CSIR a consortium partner
The Council for Scientific and Industrial Research (CSIR) will represent South Africa in an international, multi-partner project, aiming to demonstrate that solar disinfection (SODIS) of drinking water is an effective, appropriate and acceptable intervention against waterborne diseases. The project has recently been awarded a €1.9 million research grant from the European Union (EU). Those who stand to benefit from this project include vulnerable communities in developing countries who normally do not have a reliable, safe water supply, as well as those communities who might find themselves exposed to natural or man-made disasters.
It is envisaged that the project, under the auspices of the EU Sixth Framework (FP6) Programme, will make a contribution to reducing the number of fatal casualties, especially amongst sub-Sahara African children under the age of five, who fall victim to diarrhoeal diseases as a result of being exposed to contaminated water. Research carried out in 2000 - 2003 concluded that 769 000 children died from diarrhoeal diseases in that period. In addition, more than one billion people lack access to safe drinking water.
SODIS is a low tech, safe and affordable method to improve water quality which involves placing contaminated water into transparent bottles which are then placed in direct sunshine for 6 hours. The method has been approved by the World Health Organisation, and is commended for its proven efficiency in the aftermath of the tsunami disaster in Southeast Asia in 2004.
The three year SODISWATER programme will be carried out by nine research groups in Ireland, Spain, UK, Switzerland, South Africa, Zimbabwe and Kenya. Over the next three years, the multidisciplinary team will investigate the health benefits of using solar disinfected drinking water in developing countries, the factors that influence communities to adopt or reject SODIS, whether the basic SODIS technique can be improved using simple technologies and whether there are any major waterborne diseases that are not susceptible to SODIS.
“We want to confirm the considerable health benefits that can be derived, at no cost, from drinking solar disinfected water and increase awareness of this method in our country and other countries where sunlight abounds,” says Martella du Preez a senior researcher at the Council for Scientific and Industrial Research (CSIR), who also coordinates the health impact studies of the African countries, within the project.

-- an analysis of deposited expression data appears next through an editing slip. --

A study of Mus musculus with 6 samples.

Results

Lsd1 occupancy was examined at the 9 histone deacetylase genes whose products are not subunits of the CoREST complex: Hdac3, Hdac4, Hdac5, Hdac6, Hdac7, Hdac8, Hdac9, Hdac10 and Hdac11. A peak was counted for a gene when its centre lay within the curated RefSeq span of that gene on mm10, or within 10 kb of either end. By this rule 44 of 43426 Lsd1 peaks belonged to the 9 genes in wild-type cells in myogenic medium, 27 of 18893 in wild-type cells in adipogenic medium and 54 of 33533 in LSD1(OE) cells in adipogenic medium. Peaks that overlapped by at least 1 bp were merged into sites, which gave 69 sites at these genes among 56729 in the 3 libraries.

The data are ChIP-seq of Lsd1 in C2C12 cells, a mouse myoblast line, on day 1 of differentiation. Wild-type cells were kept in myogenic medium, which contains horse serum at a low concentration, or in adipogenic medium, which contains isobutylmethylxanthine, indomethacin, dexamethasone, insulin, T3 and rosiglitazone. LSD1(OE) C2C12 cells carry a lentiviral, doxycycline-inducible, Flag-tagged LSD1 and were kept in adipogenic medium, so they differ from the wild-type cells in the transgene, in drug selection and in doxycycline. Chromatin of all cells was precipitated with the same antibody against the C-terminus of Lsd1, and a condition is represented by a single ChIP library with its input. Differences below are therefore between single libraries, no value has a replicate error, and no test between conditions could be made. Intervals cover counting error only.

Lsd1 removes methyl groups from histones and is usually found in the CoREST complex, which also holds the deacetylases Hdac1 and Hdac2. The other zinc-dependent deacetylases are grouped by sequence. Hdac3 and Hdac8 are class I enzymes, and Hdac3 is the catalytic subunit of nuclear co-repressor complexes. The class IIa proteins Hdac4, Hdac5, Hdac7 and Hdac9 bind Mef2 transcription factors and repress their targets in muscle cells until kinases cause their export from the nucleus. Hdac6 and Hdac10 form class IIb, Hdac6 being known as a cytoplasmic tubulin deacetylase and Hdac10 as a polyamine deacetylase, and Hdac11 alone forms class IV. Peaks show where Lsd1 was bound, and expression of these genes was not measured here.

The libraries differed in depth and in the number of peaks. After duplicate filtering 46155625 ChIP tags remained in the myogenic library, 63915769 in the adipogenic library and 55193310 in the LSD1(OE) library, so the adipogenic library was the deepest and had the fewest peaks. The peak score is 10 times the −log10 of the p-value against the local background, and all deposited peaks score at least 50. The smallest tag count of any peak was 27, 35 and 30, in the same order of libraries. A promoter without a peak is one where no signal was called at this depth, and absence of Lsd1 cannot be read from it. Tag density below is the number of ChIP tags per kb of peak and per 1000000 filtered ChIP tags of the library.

“After a series of laboratory and field trials, we are certain that it is an effective way of
preventing many diseases such as cholera, dysentery or polio and that it should be considered as an option alongside boiling, chlorination and other standard water treatment methods,” she adds.
Other institutions participating in this study include the Kenyan International Community for the Relief of Suffering and Starvation, the Institute of Water and Sanitation Development in Zimbabwe, the Royal College of Surgeons in Ireland (RCSI), the University of Ulster, the University of Leicester (both in the United Kingdom), the Swiss Federal Institute of Aquatic Science and Technology, the University of Santiago de Compostela and the Plataforma Solar de Almeria, both in Spain.
As part of the agreement, CSIR researcher Eunice Ubomba-Jaswa has travelled to Ireland to take up a three year PhD Research position under the supervision of Dr Kevin McGuigen, Department Physiology& Medical Physics at the Royal College of Surgeons in Ireland. Eunice will spend 18 months in Ireland and England and then move to Spain to complete her experiments under real sun conditions.